PKM has a Long History
Personal knowledge management (PKM) is the process of gathering, organizing, and using information. People have been doing this for thousands of years to find answers to nagging questions. PKM has a long history, dating back to the commonplace book. A commonplace book is an account of observations, quotations, and passages from influential works used as a memory aid or reference.
Commonplace books have been kept since antiquity and were particularly popular during the Renaissance and the nineteenth century. They typically contain quotes, proverbs, prayers, legal formulas, and recipes, organized under subject headings. Commonplace books were initially private collections of information, but some were later published for the general public. They served as a way for people to remember valuable concepts or facts and became significant in Early Modern Europe.
The invention of the printing press exponentially changed the way we distribute information. Then came information technology and electronic communications.
How to Recall Information in the Age of Electronic Communication
Electronic communication and computation shifted the world's axis again, changing the costs and capabilities of encoding, storing, and retrieving information. This technology has transformed how groups remember everything from personal experiences to customer interactions and medical histories. In many cases, these technologies make the process of encoding much simpler.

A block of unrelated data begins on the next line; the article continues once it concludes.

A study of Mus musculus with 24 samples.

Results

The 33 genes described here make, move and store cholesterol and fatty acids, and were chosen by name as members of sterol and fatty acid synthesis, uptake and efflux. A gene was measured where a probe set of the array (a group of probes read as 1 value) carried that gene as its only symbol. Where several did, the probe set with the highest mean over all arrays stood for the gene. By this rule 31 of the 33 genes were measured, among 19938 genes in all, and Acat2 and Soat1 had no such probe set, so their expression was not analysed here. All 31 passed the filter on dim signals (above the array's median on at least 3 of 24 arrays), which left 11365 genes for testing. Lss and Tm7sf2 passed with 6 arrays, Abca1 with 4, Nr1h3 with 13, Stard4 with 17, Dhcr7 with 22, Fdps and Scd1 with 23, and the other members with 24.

Regarding how, there are many different ways of taking in information, and each one is suited for a different task. Proofreading, formulating and outlining all require different levels of attention and focus. For example, consider your thought process when you are reading content carefully vs. skimming it. Finding the best fit for your notes and being flexible with how you order them requires being associative and creative.
The best way to remember is to connect a piece of information to as many meaningful contexts as possible. This allows for a self-supporting network of interconnected ideas and facts that work reciprocally as cues for each other. By doing this, you are creating a "memory palace," which will help you to remember the information more easily.
It's possible that there are no natural cues for retrieving memories and that instead, we rely on cues that we associate with the information. These can be associations like the scent of a sweet or the environment in which we learned something. Moreover, it can be difficult to remember something if we are not in the same environment where we learned it. One of the most famous associative systems is the Zettelkasten, created by German sociologist Niklas Luhmann.